Jacksonville Electric Authority

Photo by SCNEF

Since its inception, the Jacksonville Electric Authority (JEA) has been charged with delivering reliable and affordable electricity throughout its service area. It has fulfilled that charge and its citizen owners have been placated. As a consequence, JEA has been given a degree of autonomy with limited scrutiny and has largely maintained the status quo. Renewable energy comprised 1.5% of JEA’s energy generation portfolio 2022 and it is heavily reliant on a coal-fired generating station for energy generation. Conversely, other municipal utilities have begun transitioning their energy generation from highly polluting fossil fuels to cleaner fuel options and renewable energy.

JEA Plans for the Future

The Sierra Club reviewed and rated the long-term plans for utilities nation-wide based on their “plans to retire coal, construct new gas plants, and build new clean energy”. In the 2021 and 2022 ratings JEA’s plans were among the lowest scoring plans. As a result, JEA received an F grade in 2021 and a D grade in 2022 for its failure to set a timeline for retiring its coal plants and transition to clean energy sources. By contrast, the Orlando Utilities Commission’s plans received a B grade in the 2021 and 2022 reviews illustrating a utility company can modernize its energy portfolio if there is a will to do so. Links to the aforementioned review and recent reports are provided below. 

The Dirty Truth About Utilities and Climate Pledges

Sierra Club 2021 Dirty Truth Greenwashing Report

Sierra Club 2022 Dirty Truth Greenwashing Report

JEA and Greenhouse Gas Emissions

With the exception of emissions by automobiles, trucks, and transportation systems, JEA facilities are the primary source of greenhouse gas (GHG) emissions in Northeast Florida. An analysis of EPA emissions data by the Sierra Club of Northeast Florida (SCNEF) revealed JEA is the source of over 90% of the annual GHG emissions by large facilities in the region. The analysis also revealed some areas of the city received disproportionate, direct exposure to JEA GHG emissions. The analysis illustrates the magnitude of annual JEA GHG emissions is substantial and a major contributor to global warming. Use the link below to obtain the SCNEF Greenhouse Gas Emissions report.

Sierra Club of Northeast Florida Greenhouse Gas Emissions Report

Northside Generating Station

The aforementioned greenhouse gas (GHG) emissions analysis revealed the primary source of JEA GHG emissions have been, and continue to be, coal-fired power plants. From 2011 to 2018 the St Johns River and Northside Generating Stations accounted for 73 to 83 percent of the annual GHG emission in Duval County. After the St. Johns River Power Generating Station was decommissioned in 2017 the Northside Generating Station (NSGS) accounted for 60% of the annual GHG emissions. The NSGS’s two coal-fired generating stations, Units 1 and 2, were built in 1966 and 1972, respectively. The technology employed by these units is dated and inefficient by modern standards. The pollution mitigation systems used with the NSGS generating units meet minimal EPA requirements for reducing atmospheric pollutants. Further, the generating station is located in an environmentally sensitive area which exposes surrounding wetlands to harm from coal ash and liquid waste. JEA currently has no timeline for decommissioning and replacing the NSGS.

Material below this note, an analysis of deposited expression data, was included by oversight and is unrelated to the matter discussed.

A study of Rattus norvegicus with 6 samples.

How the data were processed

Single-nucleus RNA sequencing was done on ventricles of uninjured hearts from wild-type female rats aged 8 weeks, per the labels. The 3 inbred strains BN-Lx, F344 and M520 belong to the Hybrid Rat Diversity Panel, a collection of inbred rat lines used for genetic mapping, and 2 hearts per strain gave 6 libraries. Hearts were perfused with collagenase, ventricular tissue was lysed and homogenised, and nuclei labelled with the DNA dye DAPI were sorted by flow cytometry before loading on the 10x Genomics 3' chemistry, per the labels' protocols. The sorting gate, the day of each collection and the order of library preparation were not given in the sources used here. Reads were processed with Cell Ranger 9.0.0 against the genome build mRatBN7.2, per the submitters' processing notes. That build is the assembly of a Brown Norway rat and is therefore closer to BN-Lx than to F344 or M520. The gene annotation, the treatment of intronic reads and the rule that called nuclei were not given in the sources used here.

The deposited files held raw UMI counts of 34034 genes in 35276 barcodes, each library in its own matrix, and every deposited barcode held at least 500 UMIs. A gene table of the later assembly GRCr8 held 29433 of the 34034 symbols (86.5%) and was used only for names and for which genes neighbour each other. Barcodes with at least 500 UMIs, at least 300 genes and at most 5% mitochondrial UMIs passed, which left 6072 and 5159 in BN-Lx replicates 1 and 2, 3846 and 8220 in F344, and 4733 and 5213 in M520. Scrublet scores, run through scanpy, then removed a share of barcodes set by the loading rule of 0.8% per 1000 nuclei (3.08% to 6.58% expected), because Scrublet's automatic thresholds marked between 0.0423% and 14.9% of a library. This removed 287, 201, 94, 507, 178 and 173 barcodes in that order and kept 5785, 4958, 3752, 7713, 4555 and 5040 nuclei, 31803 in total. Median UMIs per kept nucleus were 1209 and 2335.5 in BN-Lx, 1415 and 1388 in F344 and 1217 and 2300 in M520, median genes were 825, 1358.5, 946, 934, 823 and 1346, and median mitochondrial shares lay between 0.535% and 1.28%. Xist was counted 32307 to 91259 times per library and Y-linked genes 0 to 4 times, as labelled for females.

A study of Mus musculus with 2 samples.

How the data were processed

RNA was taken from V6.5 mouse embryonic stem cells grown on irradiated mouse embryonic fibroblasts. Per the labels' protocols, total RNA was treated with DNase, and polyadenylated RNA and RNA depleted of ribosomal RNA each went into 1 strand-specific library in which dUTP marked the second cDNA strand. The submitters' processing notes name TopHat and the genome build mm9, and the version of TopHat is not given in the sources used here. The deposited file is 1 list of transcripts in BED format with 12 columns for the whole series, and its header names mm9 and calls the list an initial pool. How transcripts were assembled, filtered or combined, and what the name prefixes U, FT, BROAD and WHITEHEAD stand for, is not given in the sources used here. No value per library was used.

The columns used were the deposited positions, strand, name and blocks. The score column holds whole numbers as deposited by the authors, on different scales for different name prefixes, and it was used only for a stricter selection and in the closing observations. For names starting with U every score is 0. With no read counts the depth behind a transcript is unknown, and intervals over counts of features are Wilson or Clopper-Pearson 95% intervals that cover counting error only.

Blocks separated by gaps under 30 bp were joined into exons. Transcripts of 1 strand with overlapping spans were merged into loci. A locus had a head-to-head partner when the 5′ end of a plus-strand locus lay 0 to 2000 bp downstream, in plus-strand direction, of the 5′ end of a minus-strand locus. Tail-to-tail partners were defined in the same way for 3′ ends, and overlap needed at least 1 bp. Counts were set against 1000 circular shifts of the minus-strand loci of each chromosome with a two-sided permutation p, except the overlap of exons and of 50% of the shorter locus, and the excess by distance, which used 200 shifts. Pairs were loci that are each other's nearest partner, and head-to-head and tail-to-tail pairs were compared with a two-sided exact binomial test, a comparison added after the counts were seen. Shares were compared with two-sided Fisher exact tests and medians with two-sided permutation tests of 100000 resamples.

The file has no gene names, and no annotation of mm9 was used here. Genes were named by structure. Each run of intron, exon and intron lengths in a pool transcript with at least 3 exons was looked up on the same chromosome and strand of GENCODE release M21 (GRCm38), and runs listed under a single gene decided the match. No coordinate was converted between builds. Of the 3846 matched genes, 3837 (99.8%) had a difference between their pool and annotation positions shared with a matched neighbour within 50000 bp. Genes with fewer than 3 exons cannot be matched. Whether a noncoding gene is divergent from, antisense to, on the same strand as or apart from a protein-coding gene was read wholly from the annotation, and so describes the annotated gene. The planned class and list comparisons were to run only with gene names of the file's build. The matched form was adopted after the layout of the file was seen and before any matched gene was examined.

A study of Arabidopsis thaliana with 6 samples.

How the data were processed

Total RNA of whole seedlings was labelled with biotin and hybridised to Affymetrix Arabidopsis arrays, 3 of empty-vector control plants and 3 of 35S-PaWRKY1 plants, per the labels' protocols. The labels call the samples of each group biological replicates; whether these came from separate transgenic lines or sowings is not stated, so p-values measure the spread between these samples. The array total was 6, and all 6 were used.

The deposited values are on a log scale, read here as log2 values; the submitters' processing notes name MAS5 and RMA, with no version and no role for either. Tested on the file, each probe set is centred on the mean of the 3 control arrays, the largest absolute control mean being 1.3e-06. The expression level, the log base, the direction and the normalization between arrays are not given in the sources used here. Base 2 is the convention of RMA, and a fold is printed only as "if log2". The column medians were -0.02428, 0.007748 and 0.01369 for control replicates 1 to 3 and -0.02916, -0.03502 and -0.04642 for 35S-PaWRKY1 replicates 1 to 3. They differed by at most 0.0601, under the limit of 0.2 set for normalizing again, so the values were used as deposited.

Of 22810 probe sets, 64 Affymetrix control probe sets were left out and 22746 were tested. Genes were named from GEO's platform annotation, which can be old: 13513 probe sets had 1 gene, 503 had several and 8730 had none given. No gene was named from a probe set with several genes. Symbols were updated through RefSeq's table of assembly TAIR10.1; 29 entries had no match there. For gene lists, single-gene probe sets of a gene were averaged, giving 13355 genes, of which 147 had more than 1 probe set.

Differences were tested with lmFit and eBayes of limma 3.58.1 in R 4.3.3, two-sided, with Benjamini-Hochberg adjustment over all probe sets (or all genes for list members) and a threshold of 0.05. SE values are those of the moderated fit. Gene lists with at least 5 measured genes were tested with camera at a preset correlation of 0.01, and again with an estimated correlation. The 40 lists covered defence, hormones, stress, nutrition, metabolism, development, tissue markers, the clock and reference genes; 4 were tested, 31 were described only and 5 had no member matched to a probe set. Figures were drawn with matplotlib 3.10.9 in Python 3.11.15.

JEA and Renewable Energy

While many other municipal utilities made substantial commitments to renewable energy, JEA derived 1.5% of its energy from renewable sources in 2022. To put this into context, twelve mid to large Florida cities and their associated utilities have committed to derive 100% of their energy from renewable sources by or before 2050. 

Photo by SCNEF

JEA Oversight and Management

For decades JEA was led by administrators committed to deliver reliable, affordable electricity and little else. In recent years it was led by administrators who advocated for its sale to a private energy company. JEA was portrayed as a failing utility lacking financial viability and unable to innovate its way to success. Regardless, JEA remains a citizen-owned utility, has new leadership, and a directive to succeed. Will the citizen-owners, and the leaders who represent them, encourage JEA to expand its original charge beyond merely delivering cheap electricity? Will there be support for innovation, modernization, and efforts to capitalize on cost-effective renewable energy options? Will there be support for reducing Jacksonville’s carbon footprint, operating in a socially responsible fashion, and adopting practices that help address longstanding environmental justice issues? These questions need to be answered in an affirmative fashion soon to help stem the increase in global warming.